September is Hunger Action Month, founded by Feeding America, as a time where people all over the US stand together to fight hunger, spread the word and take action on the hunger crisis. Organizations across the country, including the local community Food Pantry and social services organization FISH OF SANCAP, are participating in the month-long campaign.
From September 19-23, FISH will display information in their Walk-In Center to raise awareness about food insecurity and ways to take action. Staff and volunteers will wear orange, the chosen color of the Hunger Action awareness campaign, to show their support of hunger relief and invites community members to do the same.
In honor of Hunger Action Month, FISH is asking others to help stock their shelves. “We are so thankful for the partnerships and generous donors that help keep our Pantry stocked throughout the year,” says Maria Espinoza, Executive Director. “However, due to high demand and rising costs, we cannot seem to keep our shelves full, particularly since donations decrease from May through mid-November when ‘snowbirds’ are traveling or spending time at their northern homes.”
FISH has increased the purchase of products weekly and now must place limits on how much one family can take to ensure staples are available to all Food Pantry patrons. With the increasing cost of food, however, their budget is stretched. FISH is grateful for donations to their food programs—both monetary or products to distribute. For a list of Pantry needs, please visit the pantry page on the FISH website, https://www.fishofsancap.org/food-pantry/.
The FISH Food Pantry is a vital service for many households, and the organization receives requests for assistance daily from island residents and workers struggling to afford the skyrocketing cost of groceries. Once qualified by FISH, households are able to shop for nutritious supplemental grocery items to sustain food needs. Last year, the Pantry program distributed 255,980 pounds of food equating to 213,316 meals.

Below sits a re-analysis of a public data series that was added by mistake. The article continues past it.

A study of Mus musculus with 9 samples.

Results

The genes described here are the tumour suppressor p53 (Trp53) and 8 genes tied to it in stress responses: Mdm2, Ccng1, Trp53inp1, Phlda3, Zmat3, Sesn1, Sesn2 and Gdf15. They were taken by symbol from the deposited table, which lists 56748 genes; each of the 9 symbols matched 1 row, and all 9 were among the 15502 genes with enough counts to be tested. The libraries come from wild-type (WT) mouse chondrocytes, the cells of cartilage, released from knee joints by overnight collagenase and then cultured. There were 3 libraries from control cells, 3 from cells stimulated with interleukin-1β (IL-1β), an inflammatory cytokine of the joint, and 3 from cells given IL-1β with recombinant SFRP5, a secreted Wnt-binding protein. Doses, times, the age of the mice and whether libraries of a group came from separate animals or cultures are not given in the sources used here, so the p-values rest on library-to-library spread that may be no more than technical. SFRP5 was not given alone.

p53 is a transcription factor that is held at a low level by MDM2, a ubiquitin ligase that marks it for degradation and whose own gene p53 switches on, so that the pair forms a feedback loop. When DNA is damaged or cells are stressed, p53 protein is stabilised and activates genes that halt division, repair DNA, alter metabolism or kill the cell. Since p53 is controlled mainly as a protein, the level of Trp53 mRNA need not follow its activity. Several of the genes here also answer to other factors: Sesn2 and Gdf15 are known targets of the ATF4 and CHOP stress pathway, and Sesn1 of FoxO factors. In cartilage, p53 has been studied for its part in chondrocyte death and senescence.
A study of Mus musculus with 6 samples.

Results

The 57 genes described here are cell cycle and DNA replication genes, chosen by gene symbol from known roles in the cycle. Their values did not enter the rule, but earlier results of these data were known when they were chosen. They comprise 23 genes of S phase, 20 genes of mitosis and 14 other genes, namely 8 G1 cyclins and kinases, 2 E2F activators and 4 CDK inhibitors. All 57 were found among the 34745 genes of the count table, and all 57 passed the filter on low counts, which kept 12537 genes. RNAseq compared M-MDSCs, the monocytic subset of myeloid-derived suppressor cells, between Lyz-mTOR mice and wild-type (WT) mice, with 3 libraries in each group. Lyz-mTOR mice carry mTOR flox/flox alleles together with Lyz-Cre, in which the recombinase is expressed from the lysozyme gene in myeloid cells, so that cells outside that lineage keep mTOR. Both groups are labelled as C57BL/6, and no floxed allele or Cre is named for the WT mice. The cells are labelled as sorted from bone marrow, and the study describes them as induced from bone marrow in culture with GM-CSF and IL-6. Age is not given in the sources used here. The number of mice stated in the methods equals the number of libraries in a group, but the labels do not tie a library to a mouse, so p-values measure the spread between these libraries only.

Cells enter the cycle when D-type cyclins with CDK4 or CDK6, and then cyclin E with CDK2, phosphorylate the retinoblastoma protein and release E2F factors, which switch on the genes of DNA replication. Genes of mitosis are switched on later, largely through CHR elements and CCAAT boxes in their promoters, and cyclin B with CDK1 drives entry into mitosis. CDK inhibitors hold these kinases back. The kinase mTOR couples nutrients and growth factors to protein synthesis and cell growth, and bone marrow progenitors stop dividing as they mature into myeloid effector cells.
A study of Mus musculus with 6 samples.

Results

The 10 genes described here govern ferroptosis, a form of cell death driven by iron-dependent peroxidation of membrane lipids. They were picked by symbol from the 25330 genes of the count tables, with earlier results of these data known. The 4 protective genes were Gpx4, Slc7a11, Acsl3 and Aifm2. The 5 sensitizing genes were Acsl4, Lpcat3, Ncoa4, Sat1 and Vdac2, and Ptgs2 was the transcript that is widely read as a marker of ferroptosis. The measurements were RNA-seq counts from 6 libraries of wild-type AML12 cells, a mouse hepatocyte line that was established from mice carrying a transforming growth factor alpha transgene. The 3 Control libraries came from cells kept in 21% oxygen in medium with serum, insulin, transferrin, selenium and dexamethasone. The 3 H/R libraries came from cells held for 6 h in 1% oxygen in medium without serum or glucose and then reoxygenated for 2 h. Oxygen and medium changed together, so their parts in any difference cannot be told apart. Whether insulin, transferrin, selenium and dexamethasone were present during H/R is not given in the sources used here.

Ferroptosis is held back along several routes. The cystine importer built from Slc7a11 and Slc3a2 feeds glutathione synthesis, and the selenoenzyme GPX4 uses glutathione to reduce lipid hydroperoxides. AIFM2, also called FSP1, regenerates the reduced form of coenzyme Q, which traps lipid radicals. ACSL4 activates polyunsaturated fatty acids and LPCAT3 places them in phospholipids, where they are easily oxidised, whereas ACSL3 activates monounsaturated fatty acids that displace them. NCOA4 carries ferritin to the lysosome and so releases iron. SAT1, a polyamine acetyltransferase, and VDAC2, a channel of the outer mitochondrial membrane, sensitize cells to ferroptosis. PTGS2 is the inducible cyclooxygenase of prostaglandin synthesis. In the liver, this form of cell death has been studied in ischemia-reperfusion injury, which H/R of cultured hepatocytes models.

“We see many seniors making the difficult choice between buying medications or putting food on the table, as well as children asking for snacks and milk when their family cannot afford to purchase those items,” continues Espinoza. “FISH has many food, financial and educational programs to assist our neighbors in their greatest time of need. We’re here to help, and FISH has something for everyone.”
FISH has been helping island neighbors on Sanibel and Captiva for 40 years and has evolved dramatically both in terms the services they provide and the people they serve. FISH is proud that over 93% of each dollar spent goes directly to programs and services that enrich the Southwest Florida Community. In 2021, FISH answered 25,798 service requests. The organization looks forward to the next 40 years, and beyond, of serving their island neighbors thanks to the support of their community.